I recently read a fascinating article in Messiah Magazine.
The article is called, “My Big Fat Greek Mindset,” and it talks about the huge differences between Western and Eastern thought. The reason this difference is important to us (Christian Westerners) is because the people who wrote the Bible and Jesus, Himself, were all Easterners. This means that they approached life from a different worldview perspective than we do. This is not to say that their conclusions about truth were different from ours at all, but it does mean that they approached Scripture and God in a way that we’re not accustomed to.
The article pointed out that the Greek (Western) worldview promotes ideas above the physical world — which is opposite from how the Hebrew (Eastern) mind does it. The way the Greek thinks about God is in idea form; the way the Hebrew thinks about God is in physical form.
This fact was so interesting to me because I have seen it demonstrated first-hand numerous times here at the Focus on the Family Institute. Each semester a speaker on biblical Israel named Ray Vander Laan talks with the students and points this out to them.
“Close your eyes and imagine God,” he says. “Now shout out some descriptions of who God is.”
The students begin and every time I hear things like: “God is … love, good, omniscient, omnipresent, holy, righteous, omnipotent …”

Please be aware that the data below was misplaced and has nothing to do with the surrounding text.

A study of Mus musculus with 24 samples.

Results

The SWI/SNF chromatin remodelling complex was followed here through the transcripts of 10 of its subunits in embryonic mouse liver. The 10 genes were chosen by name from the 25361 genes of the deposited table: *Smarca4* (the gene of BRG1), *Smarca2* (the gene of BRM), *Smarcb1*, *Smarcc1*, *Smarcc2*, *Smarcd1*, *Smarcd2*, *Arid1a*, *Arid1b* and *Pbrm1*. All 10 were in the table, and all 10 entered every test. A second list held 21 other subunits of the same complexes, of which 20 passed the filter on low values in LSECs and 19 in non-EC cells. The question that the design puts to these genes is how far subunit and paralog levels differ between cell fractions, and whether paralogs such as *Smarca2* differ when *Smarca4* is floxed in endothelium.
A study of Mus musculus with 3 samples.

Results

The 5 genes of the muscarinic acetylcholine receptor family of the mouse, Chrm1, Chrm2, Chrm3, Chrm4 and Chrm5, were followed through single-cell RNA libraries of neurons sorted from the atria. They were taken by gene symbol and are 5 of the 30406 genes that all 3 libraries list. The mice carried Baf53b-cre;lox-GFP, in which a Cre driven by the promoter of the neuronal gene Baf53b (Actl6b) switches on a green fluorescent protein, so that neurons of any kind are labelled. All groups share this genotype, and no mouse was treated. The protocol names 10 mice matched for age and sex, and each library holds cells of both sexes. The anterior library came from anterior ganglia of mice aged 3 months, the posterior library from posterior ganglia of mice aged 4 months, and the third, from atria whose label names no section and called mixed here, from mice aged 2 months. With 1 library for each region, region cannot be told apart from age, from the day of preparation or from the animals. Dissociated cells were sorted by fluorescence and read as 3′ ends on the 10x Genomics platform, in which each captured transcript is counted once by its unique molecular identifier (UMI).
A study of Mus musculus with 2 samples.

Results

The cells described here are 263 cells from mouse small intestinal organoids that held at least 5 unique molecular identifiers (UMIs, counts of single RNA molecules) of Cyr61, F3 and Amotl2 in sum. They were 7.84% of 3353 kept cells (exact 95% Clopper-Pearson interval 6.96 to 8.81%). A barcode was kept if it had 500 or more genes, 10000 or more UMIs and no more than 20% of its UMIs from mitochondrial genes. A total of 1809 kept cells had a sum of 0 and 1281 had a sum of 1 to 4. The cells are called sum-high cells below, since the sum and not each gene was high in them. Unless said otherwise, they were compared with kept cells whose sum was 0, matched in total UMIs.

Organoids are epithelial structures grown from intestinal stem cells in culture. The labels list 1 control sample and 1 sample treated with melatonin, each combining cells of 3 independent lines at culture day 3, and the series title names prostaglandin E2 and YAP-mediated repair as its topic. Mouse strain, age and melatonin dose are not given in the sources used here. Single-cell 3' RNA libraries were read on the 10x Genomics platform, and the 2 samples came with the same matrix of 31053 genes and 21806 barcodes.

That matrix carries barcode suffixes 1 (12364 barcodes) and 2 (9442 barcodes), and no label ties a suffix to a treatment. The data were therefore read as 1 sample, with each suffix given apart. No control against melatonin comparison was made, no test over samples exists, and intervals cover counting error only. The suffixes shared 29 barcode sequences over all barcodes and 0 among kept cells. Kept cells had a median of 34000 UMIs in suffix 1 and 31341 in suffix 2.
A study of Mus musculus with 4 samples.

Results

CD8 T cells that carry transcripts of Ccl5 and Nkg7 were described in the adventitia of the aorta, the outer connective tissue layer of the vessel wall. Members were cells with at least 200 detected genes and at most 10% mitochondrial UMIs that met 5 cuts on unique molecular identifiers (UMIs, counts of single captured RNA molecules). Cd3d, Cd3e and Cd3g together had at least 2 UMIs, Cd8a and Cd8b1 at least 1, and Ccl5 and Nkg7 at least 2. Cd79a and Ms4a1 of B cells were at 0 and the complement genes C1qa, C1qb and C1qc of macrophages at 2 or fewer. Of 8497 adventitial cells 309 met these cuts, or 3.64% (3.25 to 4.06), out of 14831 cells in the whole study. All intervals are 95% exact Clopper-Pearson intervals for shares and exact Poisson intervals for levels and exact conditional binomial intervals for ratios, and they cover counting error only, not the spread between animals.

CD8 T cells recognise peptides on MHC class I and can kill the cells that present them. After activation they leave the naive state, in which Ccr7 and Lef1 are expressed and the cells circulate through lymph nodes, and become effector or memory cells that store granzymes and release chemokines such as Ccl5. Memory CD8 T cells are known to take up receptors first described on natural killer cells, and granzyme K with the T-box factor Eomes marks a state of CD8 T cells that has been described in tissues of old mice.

All of these things are true, right? Of course! However, if you asked the same question of a group of Hebrews, they would say: “God is a rock, an eagle’s wing, a consuming fire, a shield …”
Notice the difference? And really, if we’re going to be technical, the Hebrew way is more biblical because these descriptions of God are actually found in Scripture. I just did a Bible Gateway search and “omniscient” is nowhere to be found. 🙂
Another interesting point is one I have brought up before. To us Westerners, “faith” is mainly what you believe. As the article points out:
Once the person has agreed that they believe in Jesus, they are pronounced, “saved.” As a result, salvation is viewed as granted to those who agree with a given theological statement or confession of faith. What one believes is more important than what one does.
The Hebrew perspective sees it differently:
Yeshua [Jesus] does not say “you will know them by their creeds” but rather “you will know them by their fruit” (Matthew 7:16, 20, emphasis mine). When Yeshua speaks of fruit, He is talking about how one lives — one’s actions. In other words, what one does is the fruit of what one truly believes, and therefore deeds not creeds are the true measure of faith.
The article then goes on to point out that confession of truth is crucial, but if our lives do not conform to that confession, then what’s the point?
What do you all think? Have you studied the differences between Western and Eastern thought? If so, has it changed the way you approach the Bible and your faith? If not, do you think it’s even all that important to know this stuff?